Home Aesthetic Dentistry Innovative Use of Zygoma Implants for Long-Term Success in Atrophied Maxilla

Innovative Use of Zygoma Implants for Long-Term Success in Atrophied Maxilla

by adminjay

Dental implants are recommended for patients for many different reasons, and the severity of their condition can impact how complicated the implant procedure will be. In some instances, the amount of jawbone deterioration can create too much instability for the implant to be placed, even with extensive surgical pretreatment. In these instances, clinicians may recommend placing zygoma implants, which allow for faster treatment time (usually a single intervention), a more cost-effective solution, and a long-term survival rate of up to 95.2%. Given the quick nature of the procedure, immediate loading of the implant is possible, but can clinicians feel confident recommending zygoma implants in patients with a long-term, highly atrophied jawbone?

The Journal of Oral Implantology recently published a case report outlining the use of zygoma implants in a patient with high dental anxiety and a preference for tooth-preserving treatment by collaborating researchers from the Dental Academy for Continuing Professional Development, Karlsruhe, Germany. Lead author Hans Ulrich Brauer, DMD, DPhil, MA, MSc, and colleagues state, “The present case is intended to show how, after a long period of periodontal therapy focused on tooth preservation, a fixed, immediately loaded, and definitive implant restoration in the maxilla could be achieved without extensive surgical pretreatment.”

The patient is a 45-year-old man wearing a fixed, long-term, temporary bridge for six years to replace five teeth. He was found to have 90% horizontal bone loss across another 8 of his teeth and 50% to 60% periodontal bone loss in the mandible. All his teeth were classified as non-preservable in his upper jaw, and prosthetic restoration was initially discussed. The patient rejected removable dentures and a multistage implant-supported treatment plan and opted for two posterior zygoma implants and two anterior conventional implants instead.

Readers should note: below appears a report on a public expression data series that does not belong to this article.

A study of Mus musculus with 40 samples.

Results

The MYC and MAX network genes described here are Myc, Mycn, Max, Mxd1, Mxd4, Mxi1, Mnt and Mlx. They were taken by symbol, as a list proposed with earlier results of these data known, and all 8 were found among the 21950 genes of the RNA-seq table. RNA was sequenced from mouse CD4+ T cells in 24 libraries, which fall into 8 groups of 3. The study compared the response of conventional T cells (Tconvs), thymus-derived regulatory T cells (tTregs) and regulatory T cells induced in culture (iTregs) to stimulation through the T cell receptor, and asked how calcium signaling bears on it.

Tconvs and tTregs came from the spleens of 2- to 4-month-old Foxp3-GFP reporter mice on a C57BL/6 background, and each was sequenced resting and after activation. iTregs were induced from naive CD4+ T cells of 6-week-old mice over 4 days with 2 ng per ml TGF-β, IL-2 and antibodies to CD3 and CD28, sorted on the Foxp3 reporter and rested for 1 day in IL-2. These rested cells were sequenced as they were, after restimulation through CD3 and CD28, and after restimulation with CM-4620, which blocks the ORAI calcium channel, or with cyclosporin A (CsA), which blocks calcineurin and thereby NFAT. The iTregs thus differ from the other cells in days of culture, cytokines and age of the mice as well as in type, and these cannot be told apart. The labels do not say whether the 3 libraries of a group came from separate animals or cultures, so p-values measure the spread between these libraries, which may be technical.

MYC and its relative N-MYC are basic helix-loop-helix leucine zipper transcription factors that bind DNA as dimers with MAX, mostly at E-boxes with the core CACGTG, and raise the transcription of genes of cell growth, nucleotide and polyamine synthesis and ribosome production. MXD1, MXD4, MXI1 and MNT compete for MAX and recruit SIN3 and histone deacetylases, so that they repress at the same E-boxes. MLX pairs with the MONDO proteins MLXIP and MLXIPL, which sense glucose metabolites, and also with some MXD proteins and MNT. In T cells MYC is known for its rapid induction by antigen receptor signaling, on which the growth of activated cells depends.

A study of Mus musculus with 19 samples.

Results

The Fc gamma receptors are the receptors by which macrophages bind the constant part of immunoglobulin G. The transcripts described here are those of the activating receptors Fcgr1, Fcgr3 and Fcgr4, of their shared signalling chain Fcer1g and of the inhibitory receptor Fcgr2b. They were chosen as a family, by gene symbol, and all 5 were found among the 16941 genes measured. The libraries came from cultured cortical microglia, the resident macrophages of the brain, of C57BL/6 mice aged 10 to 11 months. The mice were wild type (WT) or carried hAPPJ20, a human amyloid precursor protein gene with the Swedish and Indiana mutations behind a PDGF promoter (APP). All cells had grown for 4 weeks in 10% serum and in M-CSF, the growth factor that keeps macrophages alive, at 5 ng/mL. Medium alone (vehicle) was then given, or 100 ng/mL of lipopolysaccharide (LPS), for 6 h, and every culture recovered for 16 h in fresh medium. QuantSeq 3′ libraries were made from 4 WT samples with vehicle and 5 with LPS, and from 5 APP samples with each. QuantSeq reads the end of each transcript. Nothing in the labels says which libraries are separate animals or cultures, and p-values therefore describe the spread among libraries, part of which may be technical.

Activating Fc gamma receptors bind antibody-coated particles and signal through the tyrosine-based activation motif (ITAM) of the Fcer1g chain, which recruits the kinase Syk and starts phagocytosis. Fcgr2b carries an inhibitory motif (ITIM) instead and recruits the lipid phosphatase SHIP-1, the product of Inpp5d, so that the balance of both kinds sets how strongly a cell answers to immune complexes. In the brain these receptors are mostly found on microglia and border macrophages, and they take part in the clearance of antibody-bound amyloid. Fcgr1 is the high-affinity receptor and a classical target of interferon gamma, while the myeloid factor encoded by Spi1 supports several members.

Due to inflammation and poor periodontal conditions, the procedure carried a high risk of implant recession and bacteria spreading into the maxillary sinus. Brauer et al. removed all the maxillary teeth and three additional nonviable teeth two months before surgery. Eight weeks after extraction, the patient was inflammation-free, and all implants were immediately loaded according to the All-on-4 concept. Follow-up occurred in weeks one, two, and four and in months three and six, all with uneventful outcomes.

The use of zygoma implants with the All-on-4 concept provided the patient with an immediate, definitive restoration after nearly a decade of temporary treatment solutions, a severely atrophied jawbone, and no salvageable upper teeth. Brauer and colleagues conclude, “As the case report has shown, periodontal therapy has certain limits. Medical education, also regarding the use of zygoma implants, should always be provided, especially when periodontal maintenance therapies are used in special exceptional cases, which, due to the severity of the disease and the patient’s age, are likely to result in a highly atrophied maxilla. In such cases, zygoma implants can offer a solution to achieve a fixed, rapid, and financially acceptable prosthetic rehabilitation despite the unfavorable initial bony situation.”

Full text of the article, “All-on-4 Concept With Use Of Zygoma Implants for Rehabilitation in the Severely Atrophied Maxilla With a Definitive Immediate Restoration,” Journal of Oral Implantology, Vol. 50, No. 3, 2024, is available at https://doi.org/10.1563/aaid-joi-D-23-00130.

About the Journal of Oral Implantology

The Journal of Oral Implantology is the official publication of the American Academy of Implant Dentistry. It provides valuable information to general dentists, oral surgeons, prosthodontists, periodontists, scientists, clinicians, laboratory owners and technicians, manufacturers, and educators. The JOI distinguishes itself as the first and oldest journal in the world devoted exclusively to implant dentistry. For more information about the journal or society, please visit: http://www.joionline.org/orimonline/?request=index-html.

FEATURED IMAGE CREDIT: Sincerely Media on Unsplash.